News and Notes: There was little movement in the depth. Brian Calhoun is the No. 1 tailback, followed by Booker Stanley. Jamil Walker will likely enter the season at No. 3, but Dywon Rowan is not far behind. True freshman Jerry Butler could also work into the depth… True freshman P.J. Hill looked very good before breaking a bone above his foot during UW's first full contact scrimmage on its fifth day of practice. He is out until at least mid-October and will now likely redshirt… Dion Foster, the third true freshman, is also labeled for a redshirt… Matt Bernstein is the No. 1 fullback, with Chris Pressley and Bill Rentmeester as co-No. 2. Josh Balts, who will also be part of the depth at fullback, did not take part in fall camp.
Fall MVP: Brian Calhoun. The former Colorado transfer is UW's most dynamic option on offense and clearly its most important player heading into the 2005 season. Calhoun proved a toughness and willingness to run between the tackles, and he was reasonably effective in doing so. When Calhoun gets on the edge as a runner, or gets into the open field as a receiver, he is terrific. Calhoun is very, very fast, but there are players who can match his sprinter's speed. What few can match is his quickness and his understanding of angles and route running. Calhoun has the best hands on the team and could end up the team's leading rusher and receiver.
Player on the rise: Booker Stanley. His fall camp was not as impressive as his spring workouts, but Stanley still looks poised to improved markedly after a disappointing and injured-marred 2004 season. The Badgers need the junior tailback to be an efficient runner, particularly between the tackles, to complement Calhoun's more prolific abilities. Calhoun's prowess as a receiver overshadows Stanley's above average skills as a pass catcher out of the backfield.
Questions answered: Calhoun looked more than capable of putting the weight of UW's offense on his shoulders, if necessary… Chris Pressley looked more than comfortable in adapting to his role as a fullback. He should develop into a dominant lead blocker.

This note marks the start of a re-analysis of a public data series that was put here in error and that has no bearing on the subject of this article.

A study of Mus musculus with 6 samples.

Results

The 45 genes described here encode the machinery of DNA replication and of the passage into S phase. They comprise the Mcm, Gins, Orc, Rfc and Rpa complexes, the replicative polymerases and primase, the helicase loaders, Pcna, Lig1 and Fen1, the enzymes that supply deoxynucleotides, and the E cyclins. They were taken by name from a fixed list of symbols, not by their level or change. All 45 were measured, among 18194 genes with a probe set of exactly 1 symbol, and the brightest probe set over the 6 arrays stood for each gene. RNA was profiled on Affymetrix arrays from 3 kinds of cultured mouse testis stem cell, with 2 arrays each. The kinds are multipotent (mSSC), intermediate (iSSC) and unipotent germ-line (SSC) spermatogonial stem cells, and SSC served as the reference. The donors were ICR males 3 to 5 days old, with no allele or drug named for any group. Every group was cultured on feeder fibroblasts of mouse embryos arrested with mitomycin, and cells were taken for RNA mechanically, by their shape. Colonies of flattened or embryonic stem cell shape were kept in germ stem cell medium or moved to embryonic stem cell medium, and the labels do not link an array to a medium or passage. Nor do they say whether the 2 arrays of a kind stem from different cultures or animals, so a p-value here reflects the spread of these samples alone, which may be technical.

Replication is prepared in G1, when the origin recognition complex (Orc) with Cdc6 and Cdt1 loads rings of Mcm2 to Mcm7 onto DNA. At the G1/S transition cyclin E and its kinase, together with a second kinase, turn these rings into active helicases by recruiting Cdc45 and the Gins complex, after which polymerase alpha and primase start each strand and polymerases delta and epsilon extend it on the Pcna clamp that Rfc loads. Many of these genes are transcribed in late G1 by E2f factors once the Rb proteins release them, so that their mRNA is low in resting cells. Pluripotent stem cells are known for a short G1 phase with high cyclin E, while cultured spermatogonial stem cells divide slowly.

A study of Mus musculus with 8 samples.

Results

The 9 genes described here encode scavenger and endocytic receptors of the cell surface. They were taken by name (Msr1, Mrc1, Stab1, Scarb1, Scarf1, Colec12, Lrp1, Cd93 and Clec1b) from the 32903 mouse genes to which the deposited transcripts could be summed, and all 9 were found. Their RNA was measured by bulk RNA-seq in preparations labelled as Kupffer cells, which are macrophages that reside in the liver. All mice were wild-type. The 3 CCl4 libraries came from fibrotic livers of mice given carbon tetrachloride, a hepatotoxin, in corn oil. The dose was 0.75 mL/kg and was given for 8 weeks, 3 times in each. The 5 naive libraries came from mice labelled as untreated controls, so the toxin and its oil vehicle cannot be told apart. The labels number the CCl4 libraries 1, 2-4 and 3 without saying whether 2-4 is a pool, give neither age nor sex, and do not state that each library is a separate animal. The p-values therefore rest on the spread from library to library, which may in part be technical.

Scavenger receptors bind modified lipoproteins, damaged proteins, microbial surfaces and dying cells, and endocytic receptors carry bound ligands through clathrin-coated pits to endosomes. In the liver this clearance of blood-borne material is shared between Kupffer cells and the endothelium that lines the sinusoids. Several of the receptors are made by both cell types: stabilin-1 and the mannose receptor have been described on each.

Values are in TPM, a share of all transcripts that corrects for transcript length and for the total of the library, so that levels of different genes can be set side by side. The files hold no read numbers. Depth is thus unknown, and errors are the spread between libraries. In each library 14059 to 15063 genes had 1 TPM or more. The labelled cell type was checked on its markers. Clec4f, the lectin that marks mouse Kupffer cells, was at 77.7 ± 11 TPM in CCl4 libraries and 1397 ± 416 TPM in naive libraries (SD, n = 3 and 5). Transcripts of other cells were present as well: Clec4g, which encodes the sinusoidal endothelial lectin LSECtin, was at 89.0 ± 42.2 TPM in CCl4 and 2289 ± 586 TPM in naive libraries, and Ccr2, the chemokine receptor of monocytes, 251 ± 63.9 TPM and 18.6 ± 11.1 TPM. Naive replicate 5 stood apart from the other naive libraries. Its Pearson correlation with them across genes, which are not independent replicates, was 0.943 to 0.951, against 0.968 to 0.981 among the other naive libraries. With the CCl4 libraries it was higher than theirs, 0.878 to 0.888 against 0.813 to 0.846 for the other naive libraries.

Questions remain: Really, none of the questions asked in our Fall Camp Guide were answered definitively, though some assumptions can be drawn from how camp went.
Who will emerge as the No. 3 tailback? Jamil Walker is a big, strong, fast tailback with loads and loads of potential. But he needs to become more consistent and decisive. Rowan, a tough runner between the tackles, can provide the Badgers with each of those traits. Butler is probably the fastest player on the team, but a redshirt may be in order unless injuries necessitate his use.
How exactly will Wisconsin use Calhoun? How many carries can Calhoun, Stanley and possibly a third tailback expect? Calhoun did not win the punt returning job. That went to receiver Brandon Williams. But UW will still employ a heavy dose of Calhoun as a runner and receiver. How much of a load he takes on, relative to the reserve backs, will have to play out during the season. But a target of 25-28 touches a game seems likely. And Calhoun will get the ball in myriad fashions. The best-case scenario for UW is that Stanley and Walker or Rowan prove reliable and can handle a significant chunk of the work load.
Final thoughts: The Badgers' offensive backfield will be much more versatile than in past seasons in the Alvarez era. Calhoun gives UW a world of possibilities. Badger coaches have talked about the pressure he can put on a defense with his ability to line up as a receiver, and he can challenge coverage schemes just as much when he slips out of the backfield to catch passes. Stanley's multi-faceted skills also create opportunities for diversification. And Bernstein and Rentmeester can line up as H-backs in addition to their fullback duties and are also capable receivers.
When UW wants to go with a power game, it can line up any of its tailbacks behind Bernstein, one of the nation's best fullbacks, and watch him bulldoze linebackers.
Look for UW to try to give Stanley 10-15 touches a game, with perhaps a third back taking between five and eight carries a game.